Massachusetts towns at ‘high risk’ for mosquito-borne virus


The virus has been found in 92 mosquito samples this year, the Massachusetts Department of Public Health said Wednesday, and one-third of them are from a species that can spread the virus to people.

“We’re raising the risk level because there is more activity than we typically see and it is happening early in the season,” Public Health Commissioner Monica Bharel said in a statement.

Although no human or animal cases of EEE have been detected in the state this year, officials are cautioning people to avoid getting bitten by mosquitoes.

“We take EEE very seriously and this year we are concerned about the risk,” state epidemiologist Catherine Brown said in the statement. “It is important for residents to know that in communities at high risk for EEE, we strongly encourage rescheduling evening outdoor events to avoid the hours between dusk and dawn when mosquitoes are most active.”

Last week, Florida health officials also issued a warning about the virus after several sentinel chickens tested positive.

The disease is rare

Only about seven cases of the EEE virus in humans are reported in the US every year, the US Centers for Disease Control and Prevention says. However, the disease can be fatal: About 30% of those who contract it die, according to the CDC. Many survivors have ongoing neurologic problems.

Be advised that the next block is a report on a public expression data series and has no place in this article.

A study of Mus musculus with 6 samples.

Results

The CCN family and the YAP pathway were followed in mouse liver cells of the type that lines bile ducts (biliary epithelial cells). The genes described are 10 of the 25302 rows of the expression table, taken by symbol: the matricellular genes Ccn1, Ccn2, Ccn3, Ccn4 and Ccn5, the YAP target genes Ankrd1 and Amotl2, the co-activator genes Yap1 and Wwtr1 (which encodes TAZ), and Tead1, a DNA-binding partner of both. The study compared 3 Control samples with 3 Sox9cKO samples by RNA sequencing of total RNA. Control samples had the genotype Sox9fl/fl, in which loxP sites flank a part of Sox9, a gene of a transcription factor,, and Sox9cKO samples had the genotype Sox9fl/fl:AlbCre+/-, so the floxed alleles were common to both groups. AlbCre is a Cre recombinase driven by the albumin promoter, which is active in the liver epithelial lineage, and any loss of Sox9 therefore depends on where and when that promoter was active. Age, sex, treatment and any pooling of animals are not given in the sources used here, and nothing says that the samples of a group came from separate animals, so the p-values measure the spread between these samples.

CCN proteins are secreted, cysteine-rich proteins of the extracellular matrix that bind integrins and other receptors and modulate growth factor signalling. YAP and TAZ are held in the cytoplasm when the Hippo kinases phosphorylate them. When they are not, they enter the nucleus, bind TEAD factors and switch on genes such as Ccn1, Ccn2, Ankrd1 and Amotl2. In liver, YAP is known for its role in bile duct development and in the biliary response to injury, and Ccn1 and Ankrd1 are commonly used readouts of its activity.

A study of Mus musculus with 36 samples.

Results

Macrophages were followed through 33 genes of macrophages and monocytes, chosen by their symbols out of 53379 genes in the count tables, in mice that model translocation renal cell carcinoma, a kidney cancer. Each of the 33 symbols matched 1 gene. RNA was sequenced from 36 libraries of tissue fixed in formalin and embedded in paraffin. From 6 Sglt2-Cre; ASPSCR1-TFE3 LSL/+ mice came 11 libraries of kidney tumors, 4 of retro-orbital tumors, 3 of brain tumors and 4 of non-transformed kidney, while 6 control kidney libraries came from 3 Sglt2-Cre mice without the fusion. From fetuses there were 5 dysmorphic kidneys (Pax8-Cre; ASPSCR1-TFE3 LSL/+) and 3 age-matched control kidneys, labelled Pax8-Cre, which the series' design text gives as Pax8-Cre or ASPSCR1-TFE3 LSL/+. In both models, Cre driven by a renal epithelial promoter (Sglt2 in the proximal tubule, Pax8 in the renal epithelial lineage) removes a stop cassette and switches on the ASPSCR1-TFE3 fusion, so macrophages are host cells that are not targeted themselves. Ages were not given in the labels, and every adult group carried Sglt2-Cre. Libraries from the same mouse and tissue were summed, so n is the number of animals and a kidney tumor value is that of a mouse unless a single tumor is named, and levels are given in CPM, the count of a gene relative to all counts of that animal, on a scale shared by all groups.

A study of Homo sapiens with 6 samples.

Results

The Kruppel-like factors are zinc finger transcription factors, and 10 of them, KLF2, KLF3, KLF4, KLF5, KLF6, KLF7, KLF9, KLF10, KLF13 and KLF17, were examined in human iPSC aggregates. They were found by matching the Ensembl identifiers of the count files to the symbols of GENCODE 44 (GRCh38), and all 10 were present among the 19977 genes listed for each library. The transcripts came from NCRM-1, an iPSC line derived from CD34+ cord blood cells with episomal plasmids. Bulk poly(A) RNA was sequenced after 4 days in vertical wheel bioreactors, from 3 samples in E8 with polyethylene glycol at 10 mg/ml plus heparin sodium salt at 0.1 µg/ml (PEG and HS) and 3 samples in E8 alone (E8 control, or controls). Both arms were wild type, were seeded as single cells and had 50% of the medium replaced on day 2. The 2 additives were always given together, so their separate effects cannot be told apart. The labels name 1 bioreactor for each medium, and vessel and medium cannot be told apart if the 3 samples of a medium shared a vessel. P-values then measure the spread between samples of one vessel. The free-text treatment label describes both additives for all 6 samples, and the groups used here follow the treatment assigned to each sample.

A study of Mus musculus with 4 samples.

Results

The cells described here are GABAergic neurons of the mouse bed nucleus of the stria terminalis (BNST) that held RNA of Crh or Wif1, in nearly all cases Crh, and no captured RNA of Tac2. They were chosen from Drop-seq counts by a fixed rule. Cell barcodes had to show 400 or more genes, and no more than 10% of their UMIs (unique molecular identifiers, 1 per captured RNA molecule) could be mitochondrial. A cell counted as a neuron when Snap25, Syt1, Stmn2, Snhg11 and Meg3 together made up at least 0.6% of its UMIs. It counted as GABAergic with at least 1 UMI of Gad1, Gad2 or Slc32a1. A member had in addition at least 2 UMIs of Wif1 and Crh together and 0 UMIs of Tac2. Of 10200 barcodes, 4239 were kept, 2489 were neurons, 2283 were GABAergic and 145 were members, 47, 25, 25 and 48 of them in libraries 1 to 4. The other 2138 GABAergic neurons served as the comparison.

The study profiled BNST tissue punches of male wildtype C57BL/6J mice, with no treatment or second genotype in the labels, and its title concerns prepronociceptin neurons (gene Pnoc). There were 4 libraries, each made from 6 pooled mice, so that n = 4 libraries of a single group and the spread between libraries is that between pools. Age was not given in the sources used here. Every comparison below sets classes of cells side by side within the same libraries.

Infected people develop symptoms about four to 10 days after they are bitten by an infected mosquito, the CDC says. Signs include sudden headache, high fever, chills and vomiting. More severe symptoms include disorientation, seizures and coma.

How to stay safe

Freetown, one of the affected communities, has closed all public spaces from dusk through dawn, when mosquito activitiy is at its peak.

Health officials urge people to apply insect repellent and wear protective clothing when outdoors, drain standing water around their homes and install screens in windows.